11346 A PAIR OF FINE QUALITY BOW FRONTED FIGURED MAHOGANY DWARF OPEN DISPLAY SHELVES OR BOOKCASES IN THE FRENCH DIRECTOIRE TASTE English. Early Nineteenth Century. Measurements: Height to marble: 37 1/2″ (95.3 cm) Width: 42 3/4″ (108.6 cm) Depth: 15 1/2″ (39.4 cm) Height to gallery: 39″ (99 cm)

Of mahogany with dark wood inlay. Gilt brass embellishments. Each with slightly bow fronted statuary marble top to which is attached a three quarter gilt-brass foliate gallery. The central section with three finely figured bowfront shelves each with line inlaid edge. The shelves are flanked by a pair of reeded columns within a right angled enclosure. The figured mahogany back with rectangular box line inlay. Each side set with three lacquered brass tubular ‘strings.’ The whole raised on four turned toupie feet. 

Kentshire Galleries
A Massachusetts Estate

The present pair of bookcases can be defined stylistically as being in the Directoire taste, exemplifying the influence of French neoclassicism on English design during the Regency period.1 Details such as the toupie feet and semi-enclosed columns to thedom front columns, along with the overall unembellished simplicity and elegant utility of the shelves, were carried over from this period of French decorative arts, which was more sober and marked by a restrained use of materials. The lacquered gilt brass rods enclosing each side of the shelves further contribute to a light and pleasing rectilinear design.

The enthusiasm in England for French 18th century furniture was spurred after the French revolution, when pieces were made available for import. They were collected by the aristocracy and nobility, including the Duke of Wellington and the Prince Regent, who, as king, George IV, was heavily responsible for the popularization of the style.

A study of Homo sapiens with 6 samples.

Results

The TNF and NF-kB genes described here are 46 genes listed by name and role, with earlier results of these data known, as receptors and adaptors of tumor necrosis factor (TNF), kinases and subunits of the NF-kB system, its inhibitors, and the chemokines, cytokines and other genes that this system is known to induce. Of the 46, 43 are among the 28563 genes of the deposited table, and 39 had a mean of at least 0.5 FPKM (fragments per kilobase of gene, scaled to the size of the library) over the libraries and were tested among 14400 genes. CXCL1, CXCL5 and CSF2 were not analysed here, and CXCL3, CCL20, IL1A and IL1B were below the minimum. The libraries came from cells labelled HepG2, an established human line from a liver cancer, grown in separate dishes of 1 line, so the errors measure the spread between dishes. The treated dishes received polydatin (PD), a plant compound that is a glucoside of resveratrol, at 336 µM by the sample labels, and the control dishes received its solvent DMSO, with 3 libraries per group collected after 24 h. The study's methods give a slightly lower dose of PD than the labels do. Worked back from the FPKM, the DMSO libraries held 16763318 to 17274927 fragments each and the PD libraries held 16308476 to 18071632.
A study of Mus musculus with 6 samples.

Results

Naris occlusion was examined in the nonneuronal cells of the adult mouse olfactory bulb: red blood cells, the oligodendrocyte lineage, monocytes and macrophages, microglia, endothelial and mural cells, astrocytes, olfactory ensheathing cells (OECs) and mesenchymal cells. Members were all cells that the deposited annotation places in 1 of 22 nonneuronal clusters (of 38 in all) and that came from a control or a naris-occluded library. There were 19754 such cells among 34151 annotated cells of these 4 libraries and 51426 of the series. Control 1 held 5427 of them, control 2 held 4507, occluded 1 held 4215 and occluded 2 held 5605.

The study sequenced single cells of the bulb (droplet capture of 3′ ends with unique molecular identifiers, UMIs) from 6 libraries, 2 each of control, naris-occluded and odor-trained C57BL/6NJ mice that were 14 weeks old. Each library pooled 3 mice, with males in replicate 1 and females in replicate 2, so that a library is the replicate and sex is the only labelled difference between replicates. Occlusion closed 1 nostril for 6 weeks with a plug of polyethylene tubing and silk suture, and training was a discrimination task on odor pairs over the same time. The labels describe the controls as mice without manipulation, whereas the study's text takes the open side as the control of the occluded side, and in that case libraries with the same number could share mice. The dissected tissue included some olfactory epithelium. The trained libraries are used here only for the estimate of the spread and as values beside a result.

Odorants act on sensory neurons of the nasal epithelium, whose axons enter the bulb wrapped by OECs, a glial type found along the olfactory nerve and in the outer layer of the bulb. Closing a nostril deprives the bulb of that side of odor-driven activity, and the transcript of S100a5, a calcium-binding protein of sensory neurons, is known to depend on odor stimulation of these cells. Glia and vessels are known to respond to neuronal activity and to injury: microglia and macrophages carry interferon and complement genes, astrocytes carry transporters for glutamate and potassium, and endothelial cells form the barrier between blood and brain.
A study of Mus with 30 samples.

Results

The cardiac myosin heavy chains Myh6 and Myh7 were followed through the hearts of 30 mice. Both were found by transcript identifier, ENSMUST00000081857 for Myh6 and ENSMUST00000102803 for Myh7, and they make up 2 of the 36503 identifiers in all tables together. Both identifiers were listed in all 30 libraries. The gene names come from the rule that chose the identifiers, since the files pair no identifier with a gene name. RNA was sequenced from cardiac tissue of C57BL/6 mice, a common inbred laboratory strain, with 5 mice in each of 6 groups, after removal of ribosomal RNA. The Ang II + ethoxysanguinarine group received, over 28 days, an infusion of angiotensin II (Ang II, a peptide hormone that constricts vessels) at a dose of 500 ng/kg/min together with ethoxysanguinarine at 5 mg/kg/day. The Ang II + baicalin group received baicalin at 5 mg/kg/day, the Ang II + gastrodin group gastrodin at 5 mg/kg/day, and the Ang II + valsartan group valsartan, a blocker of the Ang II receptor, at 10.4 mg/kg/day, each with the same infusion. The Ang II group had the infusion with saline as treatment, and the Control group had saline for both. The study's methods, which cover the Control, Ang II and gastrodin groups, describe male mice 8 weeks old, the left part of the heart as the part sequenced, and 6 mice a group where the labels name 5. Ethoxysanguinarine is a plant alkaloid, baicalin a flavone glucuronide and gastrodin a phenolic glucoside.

The designer most credited with establishing this style in Great Britain was the neoclassicist architect Henry Holland. His keynote was always toward the subtle and austere; consequently the style chimed well with his aesthetic. Holland’s notable building and remodeling projects established a style that drew on the restrained richness of the Louis XVI manner, assimilating the latest developments of French taste into the more sober tradition of English design.2

Holland famously worked for the Prince of Wales at Carlton House in the years between 1783 and circa 1795, and it was here that he likely honed his Frenchified decorative taste, due to the Prince’s well-known Francophile leanings. Holland was directly involved with such notable French craftsmen, suppliers and designers as Francis Hervé, L.A. Delabrière, William Gaubert and Dominique Daguerre. It is likely that Holland made a special visit to Paris in 1787 concerning the Carlton House project and “it is from this point that the decidedly French aspects of the project begin to impress so strongly.”3

The the present bookcases bear the unusual feature of a very subtle bow front, softening their otherwise rectilinear form. Combined with their overall restraint and beautifully drawn proportions this suggests the involvement of an architect in their design.


  1. C. Musgrave, Regency Furniture, London, Faber and Faber, 1961, p. 100.
  2. A.E. Richardson et al., Southill: A Regency House, London: Faber and Faber (1951), p.21.
  3. Francis Collard, Regency Furniture, Antique Collector’s Club (1987 ed.), 33.